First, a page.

I get out of the gym at the Shepherd University Wellness Center and go downstairs to the Cafe where I get my post-exercise coffee and plop down in front of the lobby television. Today on C-Span 3 they were showing an all Republican Health Care panel, supposedly exposing all the things wrong with the countries that have single-payer (read “socialized medicine”) health plans.
And, of course, the Congress- men and – women were quoting and basing their arguments on stuff from the “highly non-partisan” Lewin Group.
Did I say that the Lewin Goup is non-partisan? Yeah.. that’s what the Republicans attacking the President’s plans are saying. But I read this in the WaPo a while later:
To Rep. Eric Cantor of Virginia, the House Republican whip, it is “the nonpartisan Lewin Group.” To Republicans on the House Ways and Means Committee, it is an “independent research firm.” To Sen. Orrin Hatch of Utah, the second-ranking Republican on the pivotal Finance Committee, it is “well known as one of the most nonpartisan groups in the country.”
Gee… they are all referring to this one, single consultancy. But the WaPo goes on:
Generally left unsaid amid all the citations is that the Lewin Group is wholly owned by United Health Group, one of the nation’s largest insurers.
Indeed, according to the NY Attorney General, the Lewin Group is a subset of Ingenix, a United Health subsidiary, that the American Medical Association has accused of helping insurers shift medical expenses to consumers by distributing skewed data (one of the reasons the AMA, I would guess, has surprisingly come out in support of Obama over the issue).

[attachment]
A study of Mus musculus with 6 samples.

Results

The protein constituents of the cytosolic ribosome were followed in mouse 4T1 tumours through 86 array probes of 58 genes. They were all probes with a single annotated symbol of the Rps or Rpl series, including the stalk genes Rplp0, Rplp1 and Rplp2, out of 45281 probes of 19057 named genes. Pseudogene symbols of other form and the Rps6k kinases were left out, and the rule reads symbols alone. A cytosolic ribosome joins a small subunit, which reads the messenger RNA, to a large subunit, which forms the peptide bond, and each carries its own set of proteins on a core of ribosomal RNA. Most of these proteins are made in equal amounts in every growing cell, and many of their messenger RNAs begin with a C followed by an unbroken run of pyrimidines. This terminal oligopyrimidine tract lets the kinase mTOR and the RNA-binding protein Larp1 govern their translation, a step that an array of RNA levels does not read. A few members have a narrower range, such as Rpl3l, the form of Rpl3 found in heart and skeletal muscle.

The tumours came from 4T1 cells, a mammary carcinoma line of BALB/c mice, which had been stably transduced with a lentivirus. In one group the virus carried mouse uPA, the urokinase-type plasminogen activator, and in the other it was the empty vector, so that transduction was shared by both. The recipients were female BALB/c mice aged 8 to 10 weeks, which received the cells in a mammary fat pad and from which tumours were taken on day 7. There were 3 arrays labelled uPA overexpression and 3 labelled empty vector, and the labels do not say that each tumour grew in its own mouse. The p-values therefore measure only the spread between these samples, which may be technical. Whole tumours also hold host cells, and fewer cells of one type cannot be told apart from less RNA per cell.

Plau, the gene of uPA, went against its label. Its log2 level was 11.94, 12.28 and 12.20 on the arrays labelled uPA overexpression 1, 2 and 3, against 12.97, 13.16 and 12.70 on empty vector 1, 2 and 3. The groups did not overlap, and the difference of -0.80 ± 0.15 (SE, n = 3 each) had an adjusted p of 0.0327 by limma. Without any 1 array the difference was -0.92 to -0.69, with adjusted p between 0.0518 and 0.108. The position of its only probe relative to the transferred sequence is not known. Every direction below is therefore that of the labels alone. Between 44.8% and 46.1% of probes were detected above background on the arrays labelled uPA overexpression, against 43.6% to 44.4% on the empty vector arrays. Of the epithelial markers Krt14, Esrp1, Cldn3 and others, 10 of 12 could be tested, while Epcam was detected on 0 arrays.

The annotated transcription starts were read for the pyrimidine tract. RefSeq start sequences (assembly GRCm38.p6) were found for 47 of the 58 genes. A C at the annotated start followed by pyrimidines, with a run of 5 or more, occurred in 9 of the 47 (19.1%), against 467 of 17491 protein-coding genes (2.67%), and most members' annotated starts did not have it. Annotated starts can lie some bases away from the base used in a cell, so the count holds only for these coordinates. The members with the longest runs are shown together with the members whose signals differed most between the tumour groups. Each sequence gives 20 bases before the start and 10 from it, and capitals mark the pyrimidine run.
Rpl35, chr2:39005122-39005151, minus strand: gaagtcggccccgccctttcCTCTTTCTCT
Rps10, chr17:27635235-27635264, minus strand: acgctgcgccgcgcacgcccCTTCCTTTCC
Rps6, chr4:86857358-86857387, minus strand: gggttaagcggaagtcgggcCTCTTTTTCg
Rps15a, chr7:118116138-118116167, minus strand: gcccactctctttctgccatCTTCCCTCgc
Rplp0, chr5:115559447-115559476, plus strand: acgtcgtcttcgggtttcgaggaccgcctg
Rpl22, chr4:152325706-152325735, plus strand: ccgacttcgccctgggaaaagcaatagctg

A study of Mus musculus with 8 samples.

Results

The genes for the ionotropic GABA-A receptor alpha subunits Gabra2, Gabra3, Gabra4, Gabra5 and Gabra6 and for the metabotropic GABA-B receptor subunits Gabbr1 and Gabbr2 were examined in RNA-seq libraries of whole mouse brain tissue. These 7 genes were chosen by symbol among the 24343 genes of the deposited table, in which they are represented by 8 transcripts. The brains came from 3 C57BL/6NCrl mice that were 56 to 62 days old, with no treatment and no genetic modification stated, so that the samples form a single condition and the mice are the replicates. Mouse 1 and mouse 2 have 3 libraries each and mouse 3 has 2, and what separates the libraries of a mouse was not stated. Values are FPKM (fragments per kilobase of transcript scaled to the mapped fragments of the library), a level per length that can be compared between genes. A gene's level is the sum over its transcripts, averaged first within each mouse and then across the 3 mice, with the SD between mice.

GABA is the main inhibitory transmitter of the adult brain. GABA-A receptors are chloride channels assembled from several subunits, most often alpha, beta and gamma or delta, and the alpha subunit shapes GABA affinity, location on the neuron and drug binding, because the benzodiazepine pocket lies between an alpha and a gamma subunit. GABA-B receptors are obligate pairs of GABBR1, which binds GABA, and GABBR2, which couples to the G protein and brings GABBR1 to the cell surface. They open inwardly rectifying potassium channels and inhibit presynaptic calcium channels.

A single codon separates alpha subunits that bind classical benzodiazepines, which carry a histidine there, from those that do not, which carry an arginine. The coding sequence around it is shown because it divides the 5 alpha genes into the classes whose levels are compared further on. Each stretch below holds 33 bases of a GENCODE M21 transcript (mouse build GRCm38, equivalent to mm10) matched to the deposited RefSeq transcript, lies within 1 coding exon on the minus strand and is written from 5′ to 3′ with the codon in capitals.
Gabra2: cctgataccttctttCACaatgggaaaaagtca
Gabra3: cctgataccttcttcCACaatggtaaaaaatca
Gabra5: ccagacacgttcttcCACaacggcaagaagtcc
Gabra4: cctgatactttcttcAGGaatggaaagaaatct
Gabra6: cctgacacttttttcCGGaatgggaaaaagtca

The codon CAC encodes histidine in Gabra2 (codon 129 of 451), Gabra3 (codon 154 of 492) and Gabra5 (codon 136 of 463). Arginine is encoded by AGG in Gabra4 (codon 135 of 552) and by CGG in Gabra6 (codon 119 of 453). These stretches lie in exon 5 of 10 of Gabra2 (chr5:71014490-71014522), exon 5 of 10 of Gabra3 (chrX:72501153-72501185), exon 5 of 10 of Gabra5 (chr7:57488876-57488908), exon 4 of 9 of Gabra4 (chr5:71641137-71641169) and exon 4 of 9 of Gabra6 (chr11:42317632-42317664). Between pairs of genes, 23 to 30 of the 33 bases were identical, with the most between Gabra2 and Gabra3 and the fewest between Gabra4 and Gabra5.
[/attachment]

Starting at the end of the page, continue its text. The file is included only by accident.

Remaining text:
Lewin, which was bought by United Health in 2007, has tried to claim that there is no influence from this huge insurer on their opinions. Their Vice President, John Sheils claims there was no impact on them from Ingenix, which has now paid settlement fines to NY State and the AMA. The Insurance Industry, however, as represented by United Health, can push Lewin as npn-partisan, but it can also exert a kind of control over what is reported by them:
A February report contained information that could be used to argue for a single-payer system, the approach most threatening to private insurers, Sheils noted.
But not all of the firm’s reports see the light of day. For example, a study for the Blue Cross Blue Shield Association was never released, Sheils said.
“Let’s just say, sometimes studies come out that don’t show exactly what the client wants to see. And in those instances, they have [the] option to bury the study — to not release it, rather,” Sheils said.
If party politics could be squeezed out of the Health Care debates, we might have a whole new view of the truth… but, frankly, this will be a Democratic success, or it won’t happen at all.